Guest opinion: What toll will the pandemic take on educators?
I have worked for the Park City School District at the elementary level for the past nine years. I resigned on Aug. 24, heartbroken to leave a job that was so much more than a job.
It was decided to reopen schools with the option of either online learning or face-to-face learning. The district has spent hundreds of thousands of dollars on supplies related to COVID-19, but my decision to resign was based more on the other cost: the human cost.
While I don’t normally speak for others, I’m writing to be a voice for those who feel they cannot speak for themselves. A large portion of our teachers and staff feel as if they are not valued, that their opinions and health matter less than those of others because their concerns for reopening seem to have been brushed aside. When coworkers heard of my resignation many replied with, “I wish I could do the same,” “I wish I could walk away, I don’t know what to do,” and “If I could afford to leave, I would.” At the rally on Wednesday, I met a teacher who confided that she had been applying to other school districts. Another teacher told me she started in another career that wasn’t very fulfilling and was drawn to teaching. That teacher is now considering going back to her original career choice, which would be a huge loss to our community! These are not the only stories that were shared with me over the course of the last few days.
This pandemic will eventually come to an end. Schools will go back to face-to-face learning minus the face masks and social distancing. Park City will go back to hosting fundraisers and supporting all of our wonderful nonprofits. Businesses will go back to business as usual. But I’m afraid of the toll this is taking and will continue to take on our educators. There is already a nationwide teacher shortage and it will cut deeply on us as Utahns as well. The handling of our schools during this unsettling time will simply exacerbate this problem.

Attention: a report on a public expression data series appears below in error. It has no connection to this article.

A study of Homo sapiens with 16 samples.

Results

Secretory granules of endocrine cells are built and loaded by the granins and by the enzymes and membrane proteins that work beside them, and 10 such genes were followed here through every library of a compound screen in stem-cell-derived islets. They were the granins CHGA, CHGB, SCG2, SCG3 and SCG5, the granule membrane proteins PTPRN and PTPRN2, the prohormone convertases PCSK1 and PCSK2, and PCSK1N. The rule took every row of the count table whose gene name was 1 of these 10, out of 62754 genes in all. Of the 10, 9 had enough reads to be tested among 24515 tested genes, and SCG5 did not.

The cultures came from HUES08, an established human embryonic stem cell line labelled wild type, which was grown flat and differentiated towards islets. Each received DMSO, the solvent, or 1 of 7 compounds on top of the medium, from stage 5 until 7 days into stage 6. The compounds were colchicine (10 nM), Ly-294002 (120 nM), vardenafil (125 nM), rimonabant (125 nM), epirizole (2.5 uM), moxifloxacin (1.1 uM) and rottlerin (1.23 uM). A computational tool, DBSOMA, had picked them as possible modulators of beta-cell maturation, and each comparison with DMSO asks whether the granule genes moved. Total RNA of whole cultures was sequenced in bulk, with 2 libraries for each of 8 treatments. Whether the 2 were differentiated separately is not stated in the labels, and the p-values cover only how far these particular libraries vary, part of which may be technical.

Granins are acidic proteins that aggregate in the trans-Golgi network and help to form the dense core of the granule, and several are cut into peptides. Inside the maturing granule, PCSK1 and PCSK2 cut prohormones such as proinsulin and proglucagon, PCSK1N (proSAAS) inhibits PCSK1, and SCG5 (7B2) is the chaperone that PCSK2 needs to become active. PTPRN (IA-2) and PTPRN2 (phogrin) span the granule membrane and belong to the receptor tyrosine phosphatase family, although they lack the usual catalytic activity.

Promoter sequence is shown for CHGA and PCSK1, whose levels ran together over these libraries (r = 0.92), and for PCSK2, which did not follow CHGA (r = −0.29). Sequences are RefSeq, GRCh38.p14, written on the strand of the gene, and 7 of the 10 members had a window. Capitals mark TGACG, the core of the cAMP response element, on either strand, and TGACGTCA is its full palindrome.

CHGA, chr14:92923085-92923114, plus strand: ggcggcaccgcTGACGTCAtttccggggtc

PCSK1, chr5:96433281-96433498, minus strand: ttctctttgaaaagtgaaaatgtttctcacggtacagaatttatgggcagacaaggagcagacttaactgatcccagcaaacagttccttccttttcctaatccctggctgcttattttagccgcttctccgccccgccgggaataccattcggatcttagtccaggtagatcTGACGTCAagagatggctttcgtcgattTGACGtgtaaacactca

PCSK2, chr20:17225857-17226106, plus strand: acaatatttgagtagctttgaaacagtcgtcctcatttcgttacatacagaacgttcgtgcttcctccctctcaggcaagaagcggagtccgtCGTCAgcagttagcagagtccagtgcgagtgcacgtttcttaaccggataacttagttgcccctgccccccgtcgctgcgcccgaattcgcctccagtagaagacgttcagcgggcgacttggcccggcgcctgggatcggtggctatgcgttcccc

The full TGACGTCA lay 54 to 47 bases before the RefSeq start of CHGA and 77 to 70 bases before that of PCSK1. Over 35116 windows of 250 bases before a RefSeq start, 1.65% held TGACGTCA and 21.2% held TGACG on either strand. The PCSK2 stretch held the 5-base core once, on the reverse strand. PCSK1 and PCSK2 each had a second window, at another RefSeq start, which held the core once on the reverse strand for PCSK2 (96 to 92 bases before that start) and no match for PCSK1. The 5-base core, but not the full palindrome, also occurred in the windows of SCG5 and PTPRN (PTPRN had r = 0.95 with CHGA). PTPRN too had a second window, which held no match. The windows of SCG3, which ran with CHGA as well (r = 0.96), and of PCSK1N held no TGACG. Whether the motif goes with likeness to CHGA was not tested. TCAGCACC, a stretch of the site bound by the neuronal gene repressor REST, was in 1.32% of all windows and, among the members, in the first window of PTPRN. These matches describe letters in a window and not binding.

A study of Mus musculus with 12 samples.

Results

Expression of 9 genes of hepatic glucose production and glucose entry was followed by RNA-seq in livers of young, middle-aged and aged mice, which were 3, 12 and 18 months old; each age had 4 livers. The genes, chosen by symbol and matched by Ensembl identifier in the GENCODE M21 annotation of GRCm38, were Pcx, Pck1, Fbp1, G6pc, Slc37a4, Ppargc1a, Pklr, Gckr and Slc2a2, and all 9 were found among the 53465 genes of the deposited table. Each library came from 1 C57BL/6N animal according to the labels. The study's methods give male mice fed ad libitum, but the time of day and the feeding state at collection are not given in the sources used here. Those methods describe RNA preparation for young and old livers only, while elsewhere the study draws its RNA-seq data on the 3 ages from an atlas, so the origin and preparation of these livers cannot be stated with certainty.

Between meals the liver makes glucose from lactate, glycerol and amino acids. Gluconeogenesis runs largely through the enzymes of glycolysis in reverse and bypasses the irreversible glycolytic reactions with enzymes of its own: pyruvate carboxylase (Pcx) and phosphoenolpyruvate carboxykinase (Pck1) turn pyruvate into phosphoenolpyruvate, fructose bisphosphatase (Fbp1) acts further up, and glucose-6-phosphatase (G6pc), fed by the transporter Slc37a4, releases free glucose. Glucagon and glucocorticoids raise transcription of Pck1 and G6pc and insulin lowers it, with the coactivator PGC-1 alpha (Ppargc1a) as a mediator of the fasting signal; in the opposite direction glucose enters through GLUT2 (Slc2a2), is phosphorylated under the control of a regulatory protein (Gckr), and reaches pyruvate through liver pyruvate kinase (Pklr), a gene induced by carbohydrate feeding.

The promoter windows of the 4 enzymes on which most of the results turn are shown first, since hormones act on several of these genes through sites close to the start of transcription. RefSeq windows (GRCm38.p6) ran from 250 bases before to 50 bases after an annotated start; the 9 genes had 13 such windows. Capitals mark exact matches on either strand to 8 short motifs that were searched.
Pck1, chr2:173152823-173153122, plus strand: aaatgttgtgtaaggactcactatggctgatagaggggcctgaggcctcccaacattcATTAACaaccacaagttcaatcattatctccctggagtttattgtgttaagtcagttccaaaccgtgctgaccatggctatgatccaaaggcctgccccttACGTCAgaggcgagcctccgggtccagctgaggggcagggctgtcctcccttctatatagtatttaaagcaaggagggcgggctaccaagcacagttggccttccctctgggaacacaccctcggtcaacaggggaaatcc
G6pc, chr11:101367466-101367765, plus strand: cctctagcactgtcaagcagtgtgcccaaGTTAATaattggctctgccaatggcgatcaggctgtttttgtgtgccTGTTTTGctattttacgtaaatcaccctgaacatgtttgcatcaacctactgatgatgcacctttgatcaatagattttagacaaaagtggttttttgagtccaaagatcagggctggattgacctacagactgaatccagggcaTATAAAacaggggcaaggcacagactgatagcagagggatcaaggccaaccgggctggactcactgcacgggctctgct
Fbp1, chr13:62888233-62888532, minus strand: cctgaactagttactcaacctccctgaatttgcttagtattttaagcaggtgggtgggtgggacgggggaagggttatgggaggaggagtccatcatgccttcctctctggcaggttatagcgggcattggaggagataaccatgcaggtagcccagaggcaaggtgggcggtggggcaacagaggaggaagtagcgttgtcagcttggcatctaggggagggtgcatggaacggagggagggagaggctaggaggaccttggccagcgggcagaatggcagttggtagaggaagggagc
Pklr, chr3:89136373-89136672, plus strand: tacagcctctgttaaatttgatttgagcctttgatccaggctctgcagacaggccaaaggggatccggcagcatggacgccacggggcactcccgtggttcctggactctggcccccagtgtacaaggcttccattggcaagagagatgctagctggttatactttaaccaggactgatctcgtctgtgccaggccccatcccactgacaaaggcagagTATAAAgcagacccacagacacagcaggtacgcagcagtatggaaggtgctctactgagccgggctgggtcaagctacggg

There was nothing we could do to stop the pandemic but there must be something we can do to help our educators now. If you are a community member, please thank our educators every chance you get. If you are the parent of a student, please ask your teachers how you can support them. Voice your concerns to those who make decisions on our behalf.
If you are an educator — and that includes everyone from custodians to counselors to nurses — please know that you are amazing! I have seen firsthand the way you make our youngest learners as well as their anxious parents feel at ease in your learning environment. I have watched the back-breaking work of our custodians as they tirelessly try to sanitize every little thing. I have felt the relationships our counselors built with kids that seem so hard to reach. I have sat in administrative meetings where everyone is asking themselves and each other, “Is this what’s best for our students?”
I have personally been affected by high school teachers who showed up for my own children when they were struggling and said, “How can I best support your student?” I am in awe of each and every one of you and my gratitude for you runs deep. Please tell me how else I can help?